University Challenge final is a starter for men: BBC criticised for not ensuring a minimum of female competitors in the TV quiz
Your starter for 10. Which academic quiz show will stage a final between two all-male teams after a series which has delivered a massive fail for female students?
Politicians have ordered University Challenge to take a course in gender equality after an investigation found that competing teams are consistently failing to find a place for female competitors.
Monday night's final of the long-running BBC2 quiz series will feature teams of four men from Trinity College, Cambridge, and Somerville College, Oxford, competing to become champions.
The absence of any female students prompted unrest at Somerville, which was one of the first women's only colleges in Oxford and admitted its first male students only in 1994.
An analysis uncovered a consistent male bias throughout the current series. Out of 112 contestants across 28 university teams, only 18 have been females.
The 84 per cent male dominance in a flagship series which regularly enjoys BBC2's highest ratings of three million viewers, is an embarrassment for the corporation which recently banned "all-male" panels on comedy shows in an effort to counter female underrepresentation on screen.
The gender disparity has become so great on University Challenge that the BBC is facing calls to introduce a minimum "quota" of female students in competing teams. Gloria De Piero MP, shadow Minister for Women and Equalities, said the BBC must do better. "It's a pity universities are picking all-male teams to represent them, particularly when more women than men are going to university and they are outperforming boys at school," she said. "The BBC also has a responsibility for the shows it screens and it should take action to ensure there are more women competitors."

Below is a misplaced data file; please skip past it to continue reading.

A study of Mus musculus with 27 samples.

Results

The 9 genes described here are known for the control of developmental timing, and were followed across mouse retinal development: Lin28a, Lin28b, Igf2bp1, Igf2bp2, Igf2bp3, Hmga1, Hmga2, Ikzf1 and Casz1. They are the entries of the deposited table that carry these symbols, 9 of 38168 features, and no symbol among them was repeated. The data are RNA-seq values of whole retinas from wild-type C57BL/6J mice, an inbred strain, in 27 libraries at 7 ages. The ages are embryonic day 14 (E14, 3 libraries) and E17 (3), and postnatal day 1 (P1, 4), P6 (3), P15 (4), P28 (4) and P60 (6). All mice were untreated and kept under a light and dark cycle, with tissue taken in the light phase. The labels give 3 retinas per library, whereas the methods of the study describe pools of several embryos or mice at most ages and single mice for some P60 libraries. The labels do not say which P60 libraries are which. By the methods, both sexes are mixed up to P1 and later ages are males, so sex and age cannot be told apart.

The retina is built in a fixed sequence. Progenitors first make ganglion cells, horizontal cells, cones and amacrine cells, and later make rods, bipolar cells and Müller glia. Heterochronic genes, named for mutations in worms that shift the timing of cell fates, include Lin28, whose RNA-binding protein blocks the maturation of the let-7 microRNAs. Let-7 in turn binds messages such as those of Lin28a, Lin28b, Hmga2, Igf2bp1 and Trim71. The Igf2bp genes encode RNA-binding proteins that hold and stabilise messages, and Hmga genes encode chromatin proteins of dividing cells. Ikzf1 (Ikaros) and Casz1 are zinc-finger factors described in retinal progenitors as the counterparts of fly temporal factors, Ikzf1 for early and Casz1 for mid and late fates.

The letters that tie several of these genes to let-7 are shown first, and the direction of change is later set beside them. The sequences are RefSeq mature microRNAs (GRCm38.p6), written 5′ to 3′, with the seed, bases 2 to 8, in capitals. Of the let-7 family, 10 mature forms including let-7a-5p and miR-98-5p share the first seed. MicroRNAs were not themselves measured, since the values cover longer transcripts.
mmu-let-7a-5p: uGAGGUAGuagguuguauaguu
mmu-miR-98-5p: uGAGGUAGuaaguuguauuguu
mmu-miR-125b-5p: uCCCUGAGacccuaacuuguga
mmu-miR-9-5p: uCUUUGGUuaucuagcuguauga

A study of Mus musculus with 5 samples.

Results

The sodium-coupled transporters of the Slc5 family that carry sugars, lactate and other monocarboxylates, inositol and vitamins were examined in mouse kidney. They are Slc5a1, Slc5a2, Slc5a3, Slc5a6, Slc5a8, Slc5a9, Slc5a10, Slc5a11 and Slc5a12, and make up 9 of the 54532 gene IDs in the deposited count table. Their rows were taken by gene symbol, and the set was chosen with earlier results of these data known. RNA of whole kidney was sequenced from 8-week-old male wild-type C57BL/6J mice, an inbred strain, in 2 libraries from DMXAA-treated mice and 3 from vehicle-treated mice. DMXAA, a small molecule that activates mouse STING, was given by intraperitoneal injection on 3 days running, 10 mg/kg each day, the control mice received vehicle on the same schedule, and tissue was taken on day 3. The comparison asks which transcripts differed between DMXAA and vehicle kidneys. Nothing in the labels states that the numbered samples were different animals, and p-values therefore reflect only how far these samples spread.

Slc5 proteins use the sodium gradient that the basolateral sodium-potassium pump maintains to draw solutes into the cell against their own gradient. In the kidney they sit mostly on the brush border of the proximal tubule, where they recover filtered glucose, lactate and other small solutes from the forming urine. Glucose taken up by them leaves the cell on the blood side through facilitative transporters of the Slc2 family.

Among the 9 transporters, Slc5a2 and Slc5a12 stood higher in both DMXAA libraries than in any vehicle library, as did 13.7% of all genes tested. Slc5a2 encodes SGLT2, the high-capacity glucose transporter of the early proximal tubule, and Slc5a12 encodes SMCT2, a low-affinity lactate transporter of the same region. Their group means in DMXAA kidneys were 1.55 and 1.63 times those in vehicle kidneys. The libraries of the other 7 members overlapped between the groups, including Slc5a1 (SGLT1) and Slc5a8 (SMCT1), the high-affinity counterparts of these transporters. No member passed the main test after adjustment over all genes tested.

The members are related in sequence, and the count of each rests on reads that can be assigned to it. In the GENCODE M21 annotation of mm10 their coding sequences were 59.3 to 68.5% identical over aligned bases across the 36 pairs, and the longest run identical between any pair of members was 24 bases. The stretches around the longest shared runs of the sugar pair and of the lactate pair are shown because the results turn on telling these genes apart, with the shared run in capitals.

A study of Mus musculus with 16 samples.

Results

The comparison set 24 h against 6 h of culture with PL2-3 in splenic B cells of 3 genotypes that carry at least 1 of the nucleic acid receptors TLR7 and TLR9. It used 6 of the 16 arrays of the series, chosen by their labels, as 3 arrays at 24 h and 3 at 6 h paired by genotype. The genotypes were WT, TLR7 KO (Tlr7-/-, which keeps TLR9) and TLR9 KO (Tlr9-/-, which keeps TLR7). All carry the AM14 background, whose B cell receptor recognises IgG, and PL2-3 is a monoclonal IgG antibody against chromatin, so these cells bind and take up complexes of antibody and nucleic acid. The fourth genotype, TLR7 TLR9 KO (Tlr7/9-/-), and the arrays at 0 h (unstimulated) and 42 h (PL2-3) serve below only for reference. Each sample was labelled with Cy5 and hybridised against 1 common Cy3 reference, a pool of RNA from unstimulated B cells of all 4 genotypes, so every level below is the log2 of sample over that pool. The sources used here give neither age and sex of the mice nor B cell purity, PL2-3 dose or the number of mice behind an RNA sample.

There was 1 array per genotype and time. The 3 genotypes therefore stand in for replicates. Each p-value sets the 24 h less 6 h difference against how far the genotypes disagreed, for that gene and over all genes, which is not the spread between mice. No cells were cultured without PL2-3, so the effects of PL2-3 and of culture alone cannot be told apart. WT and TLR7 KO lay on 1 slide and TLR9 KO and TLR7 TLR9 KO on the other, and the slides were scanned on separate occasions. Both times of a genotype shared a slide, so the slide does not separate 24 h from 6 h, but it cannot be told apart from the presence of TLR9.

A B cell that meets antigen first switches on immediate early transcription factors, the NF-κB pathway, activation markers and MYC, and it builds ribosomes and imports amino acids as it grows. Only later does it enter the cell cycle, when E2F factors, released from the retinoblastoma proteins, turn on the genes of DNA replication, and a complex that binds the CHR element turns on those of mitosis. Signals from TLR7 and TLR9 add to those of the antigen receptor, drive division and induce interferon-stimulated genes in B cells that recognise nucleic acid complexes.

Mary Beard was saddened by the lack of women During the semi-final, Professor Mary Beard, the Cambridge academic and BBC presenter, tweeted: "Oh dear Somerville College Oxford on University Challenge is all men! O tempora o mores." She later explained: "I was so surprised (and a bit saddened) to see that Somerville (a bastion of women's achievements) was being represented by four men."
Somerville previously won University Challenge in 2002 with a gender-balanced team. This year's team was selected by tests organised by its Junior Common Room, with men scoring the highest results. They considered allocating places to women after alumni wrote expressing their disappointment but decided against as it would "communicate the wrong message about women, and therefore chose to offer a level playing field".
Marsha Sudar, JCR president during the selection process, said: "Everyone agrees that it is unfortunate that we didn't have any women on our team. We would have loved for there to have been a few. It just so happens that this year the best four candidates were men, but this should not be allowed to overshadow the many other fronts on which Somerville women are taking the lead."
The BBC said it was reluctant to interfere with team selection. A University Challenge spokesperson said: "Every university has their own team selection process and we do encourage them to reflect the diversity of their student population. However, the make-up of each team is determined by the universities."
Some have questioned whether women are put off by the high-pressure atmosphere of the series, which first launched on ITV in 1962 – or may even be intimidated by the prospect of a withering put-down for giving an incorrect answer from Jeremy Paxman.
Elizabeth Mitchell, captain of defeated semi-finalists the University of Manchester, and one of the few female stars to emerge during the series, dismissed the notion.
"Before every match, [Jeremy] talks to the teams and he spends time in the green room with you after," the politics, philosophy and economics student said: "He really tries to put you at your ease in what's a nerve-racking situation. However, his quips when you get an answer wrong really do put you in your place."